Revd. Ian Hadfield told Premier it was initially feared a Dutch national attending All Saints Church had died in the suicide bombs and shootings.
He says it later emerged the man had been taken to hospital for an operation.
Speaking on Premier Christian Radio's New Hour programme, Revd. Hadfield said: "The wife, [is] very upset and sad but, at first, she couldn't make contact with her husband and we were being told that he'd actually been killed. So, [being] in hospital, having an operation is much better than the first news we'd heard.
"Go to a shopping mall, you'll normally have your bag checked. Go to a hotel, your car would be checked underneath. You'll walk through metal detectors into hotels and into shopping centres, as well. [The authorities] will be, I guess, more vigilant than they have been in the past. Jakarta has known bombs before.
"At our church, in Christmas Eve 2000, we had a bomb left here but, thankfully, it didn't go off. So, even our church is used to having increased security."
A Dutch Foreign Ministry spokeswoman has said a Dutch man was seriously injured and was undergoing surgery.
Attackers targeted a Starbucks cafe on Thamrin Street, in an area popular with shoppers, leaving at least seven people dead and 20 others injured.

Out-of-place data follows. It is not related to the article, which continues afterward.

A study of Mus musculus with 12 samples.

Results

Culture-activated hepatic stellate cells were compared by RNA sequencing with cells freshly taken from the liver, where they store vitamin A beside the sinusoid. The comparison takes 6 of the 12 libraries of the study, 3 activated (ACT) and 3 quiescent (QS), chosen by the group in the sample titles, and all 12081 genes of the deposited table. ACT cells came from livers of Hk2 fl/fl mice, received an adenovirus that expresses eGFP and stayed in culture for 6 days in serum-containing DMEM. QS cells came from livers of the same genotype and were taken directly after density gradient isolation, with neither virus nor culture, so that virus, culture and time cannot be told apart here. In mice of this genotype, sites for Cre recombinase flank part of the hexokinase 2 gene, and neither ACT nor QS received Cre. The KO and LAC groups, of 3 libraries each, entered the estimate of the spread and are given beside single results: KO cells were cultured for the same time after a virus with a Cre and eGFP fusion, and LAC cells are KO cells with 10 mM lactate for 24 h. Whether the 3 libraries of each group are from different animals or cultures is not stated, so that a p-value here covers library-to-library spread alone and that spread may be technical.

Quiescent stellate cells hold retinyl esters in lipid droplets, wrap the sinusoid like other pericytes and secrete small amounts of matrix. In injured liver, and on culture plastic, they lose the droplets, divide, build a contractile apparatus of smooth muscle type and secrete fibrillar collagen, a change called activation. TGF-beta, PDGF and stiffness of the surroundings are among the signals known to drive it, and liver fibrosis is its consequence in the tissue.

An Indonesian, a Canadian and five attackers died in the incident which was watched by office workers from nearby high-rise buildings.
Police said the incident mimicked November's terror attacks in Paris and was linked to the Islamic State group.
The Aamaq news agency, which is affiliated with Islamic State, is quoting an annonymous source as saying the group is responsible for the violence.
It was around the same time when two other suicide bombers killed themselves and an Indonesian man at a nearby traffic police booth.
Minutes later, two gunmen attacked a group of policemen but, after a 15-minute gunfight, both attackers were killed, police say.
It was the first major attack in Jakarta since the 2009 bombings of two hotels which killed seven people and injured more than 50.
Before that, bombings at nightclubs on the island of Bali killed 202 people in 2002.
Speaking on television, Indonesia's President, Joko Widodo said:
"This act is clearly aimed at disturbing public order and spreading terror among people.
"The state, the nation and the people should not be afraid of, and be defeated by, such terror acts."